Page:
MOORHEAD — When Lisa Arnold's duties as an English associate professor at North Dakota State University are finished on Friday, she doesn't take the weekend off to relax.

Instead, she continues helping others learn every weekend. Except they aren't college students, but adult immigrants mostly from Somalia, Iraq and the Congo, some of whom have had little education in their lives.

Arnold is one of three main volunteer teachers at the Afro American Development Association to New Americans in Moorhead that meets every Saturday and Sunday from 4 to 6 p.m.

Arnold, who moved to Moorhead after four years of teaching at the American University in Beirut, Lebanon, said she started working with Sudanese migrant workers there who were looking to improve their English as they sought better-paying jobs.

"I wanted to continue to do that when I moved here," said the Kansas City native who will be one of three recipients of the Moorhead Human Rights awards for this year on Monday night, Dec. 9, at the City Council meeting.


The immigrants have a wide range of the English language with some just learning the ABCs and others who can read paragraphs.

"It can be tricky," she said about teaching the classes.

However, the ones who come consistently she can see are making "real progress."

No matter who comes, she appreciates that at least they are "doing something in this world rather than just being at home and not talking to anyone."

"It makes them feel like more a part of the community" when they can learn some English and talk with others, she said.

One success story is a Somali woman she has befriended who is currently studying for her high school GED after learning English.

"I just helped her buy a car," she added.

Hukun Dubar, executive director of the Afro American Development Association to New Americans, said he admires Arnold for "sticking with us."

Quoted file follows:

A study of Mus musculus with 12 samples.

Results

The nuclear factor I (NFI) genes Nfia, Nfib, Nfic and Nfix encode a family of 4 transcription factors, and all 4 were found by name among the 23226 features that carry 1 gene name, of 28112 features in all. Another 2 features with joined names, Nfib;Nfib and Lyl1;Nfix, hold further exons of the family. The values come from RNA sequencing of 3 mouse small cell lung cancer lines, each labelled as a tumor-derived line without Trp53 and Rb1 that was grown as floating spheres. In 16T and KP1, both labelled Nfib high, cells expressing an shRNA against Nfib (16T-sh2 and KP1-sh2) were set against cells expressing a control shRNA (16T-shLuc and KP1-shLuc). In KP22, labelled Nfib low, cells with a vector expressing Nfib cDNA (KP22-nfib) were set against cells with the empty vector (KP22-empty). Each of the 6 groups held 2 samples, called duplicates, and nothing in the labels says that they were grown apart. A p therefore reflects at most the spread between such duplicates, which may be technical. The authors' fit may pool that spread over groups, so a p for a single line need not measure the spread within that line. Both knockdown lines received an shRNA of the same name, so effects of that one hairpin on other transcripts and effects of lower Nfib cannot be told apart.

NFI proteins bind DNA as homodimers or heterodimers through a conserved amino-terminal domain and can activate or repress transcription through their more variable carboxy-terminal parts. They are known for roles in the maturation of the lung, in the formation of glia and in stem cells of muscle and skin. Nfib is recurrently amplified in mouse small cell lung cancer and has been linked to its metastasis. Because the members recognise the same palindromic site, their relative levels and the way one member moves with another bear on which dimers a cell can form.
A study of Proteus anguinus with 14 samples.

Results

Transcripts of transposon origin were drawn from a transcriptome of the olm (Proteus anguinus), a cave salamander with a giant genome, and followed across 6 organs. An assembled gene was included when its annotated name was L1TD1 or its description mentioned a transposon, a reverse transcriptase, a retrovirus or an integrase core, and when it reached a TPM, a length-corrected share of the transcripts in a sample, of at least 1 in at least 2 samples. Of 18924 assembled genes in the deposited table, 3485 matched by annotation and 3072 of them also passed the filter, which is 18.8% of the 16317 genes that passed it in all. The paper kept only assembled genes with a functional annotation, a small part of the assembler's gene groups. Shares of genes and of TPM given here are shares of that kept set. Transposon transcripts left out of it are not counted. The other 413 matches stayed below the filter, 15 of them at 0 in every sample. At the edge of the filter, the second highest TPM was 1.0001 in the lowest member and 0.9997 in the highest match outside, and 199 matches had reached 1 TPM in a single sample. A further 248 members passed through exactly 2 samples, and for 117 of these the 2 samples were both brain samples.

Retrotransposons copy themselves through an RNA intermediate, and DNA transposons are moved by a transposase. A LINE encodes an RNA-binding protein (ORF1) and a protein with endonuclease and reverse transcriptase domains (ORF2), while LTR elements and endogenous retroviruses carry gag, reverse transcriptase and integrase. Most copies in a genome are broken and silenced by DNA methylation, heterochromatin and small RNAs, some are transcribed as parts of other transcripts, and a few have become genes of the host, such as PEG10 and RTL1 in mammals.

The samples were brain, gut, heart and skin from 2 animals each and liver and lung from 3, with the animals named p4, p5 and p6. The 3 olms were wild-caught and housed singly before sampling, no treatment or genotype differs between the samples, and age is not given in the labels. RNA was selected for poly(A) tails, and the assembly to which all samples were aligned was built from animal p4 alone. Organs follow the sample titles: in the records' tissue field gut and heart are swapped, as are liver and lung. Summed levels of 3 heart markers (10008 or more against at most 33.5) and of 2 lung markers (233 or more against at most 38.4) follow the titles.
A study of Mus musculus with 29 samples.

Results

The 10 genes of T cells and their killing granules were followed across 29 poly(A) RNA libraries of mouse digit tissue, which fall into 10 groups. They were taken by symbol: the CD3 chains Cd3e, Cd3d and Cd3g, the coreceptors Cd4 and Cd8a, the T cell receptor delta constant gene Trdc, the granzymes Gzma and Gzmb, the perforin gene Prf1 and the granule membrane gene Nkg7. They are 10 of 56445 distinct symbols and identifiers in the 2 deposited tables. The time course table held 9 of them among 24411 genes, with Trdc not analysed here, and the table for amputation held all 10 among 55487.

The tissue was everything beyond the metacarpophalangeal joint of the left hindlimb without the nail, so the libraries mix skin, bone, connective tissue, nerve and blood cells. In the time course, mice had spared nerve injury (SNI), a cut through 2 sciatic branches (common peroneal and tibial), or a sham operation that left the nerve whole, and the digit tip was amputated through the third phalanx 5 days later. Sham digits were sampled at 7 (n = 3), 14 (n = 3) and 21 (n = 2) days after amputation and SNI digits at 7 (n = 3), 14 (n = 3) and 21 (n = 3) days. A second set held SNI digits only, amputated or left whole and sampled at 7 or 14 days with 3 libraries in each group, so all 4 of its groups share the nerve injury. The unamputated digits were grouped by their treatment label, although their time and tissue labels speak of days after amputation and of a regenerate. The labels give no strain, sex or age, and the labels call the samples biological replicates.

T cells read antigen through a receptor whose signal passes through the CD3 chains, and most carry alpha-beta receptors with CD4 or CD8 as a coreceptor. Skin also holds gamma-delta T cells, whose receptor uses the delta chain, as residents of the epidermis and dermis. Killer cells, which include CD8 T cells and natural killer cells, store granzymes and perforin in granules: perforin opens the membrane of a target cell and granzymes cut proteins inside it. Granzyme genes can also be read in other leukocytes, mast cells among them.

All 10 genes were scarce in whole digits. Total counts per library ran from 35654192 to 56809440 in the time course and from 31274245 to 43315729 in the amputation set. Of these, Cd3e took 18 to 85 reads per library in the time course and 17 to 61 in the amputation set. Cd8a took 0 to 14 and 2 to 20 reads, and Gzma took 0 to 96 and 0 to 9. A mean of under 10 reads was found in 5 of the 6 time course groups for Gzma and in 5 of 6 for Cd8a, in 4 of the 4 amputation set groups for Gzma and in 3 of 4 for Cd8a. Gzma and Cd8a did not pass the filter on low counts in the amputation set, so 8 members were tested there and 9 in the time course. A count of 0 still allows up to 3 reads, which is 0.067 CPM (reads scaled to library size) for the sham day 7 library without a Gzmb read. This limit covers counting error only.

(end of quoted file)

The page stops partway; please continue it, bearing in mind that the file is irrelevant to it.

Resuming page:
He said some volunteers "come and go," but he said Arnold is "always there and has never left us."

"She's part of our family, " Dubar said. "She's a totally amazing person."

Arnold also has assisted some metro area immigrants with their 100-question citizenship tests. The first step in the process is meeting with a government official who interviews the person and requires them to answer six of 10 questions on the test verbally before moving ahead.

She said most of the questions deal with civics, including how the government operates as well as geography.

Though she is not trained professionally for either teaching English as a second language or for citizenship tests, Arnold believes she is getting better at her instruction after four years of doing so.

When teaching, she said she tries to bring the immigrants' culture into the classes to better explain words and concepts. For example when teaching about food, she likes to use examples of the food they are used to eating in their previous countries such as rice and chicken.

While Arnold enjoys seeing the immigrants learn English and connect more with the community, the special part for her is also the connection to the adult students she teaches.

"I like being a part of their lives and making them feel welcome," she said. As someone not from the area, Arnold can relate to them in certain ways and also enjoys their company.

Although some of the adults are learning so they can seek jobs or move onto to get their GED or move on to college, she said some of them are older and aren't working anymore.

"They are just trying to do the best they can," she said.

Dubar added that many of those older immigrants think they can't learn English.

"But she has changed many minds," he said. "They end up learning English and become more of who they are."

If you go

What: Moorhead Human Rights Awards ceremony

Where and when: Moorhead City Council Chambers at 5:30 p.m. on Monday, Dec. 9.

Who: In addition to Lisa Arnold who won in the education category, the other two winners are Haroon Hayder in the civic category and HOPE Inc. in the non-profit category. Hayder is an advocate for the Yazidi community in Moorhead and an advocate for human rights, justice and equity. HOPE Inc. helps children and adults with mobility challenges live active lives through adaptive sports and recreational activities. Bill and Adair Grommesh founded the organization and continue to work with the effort.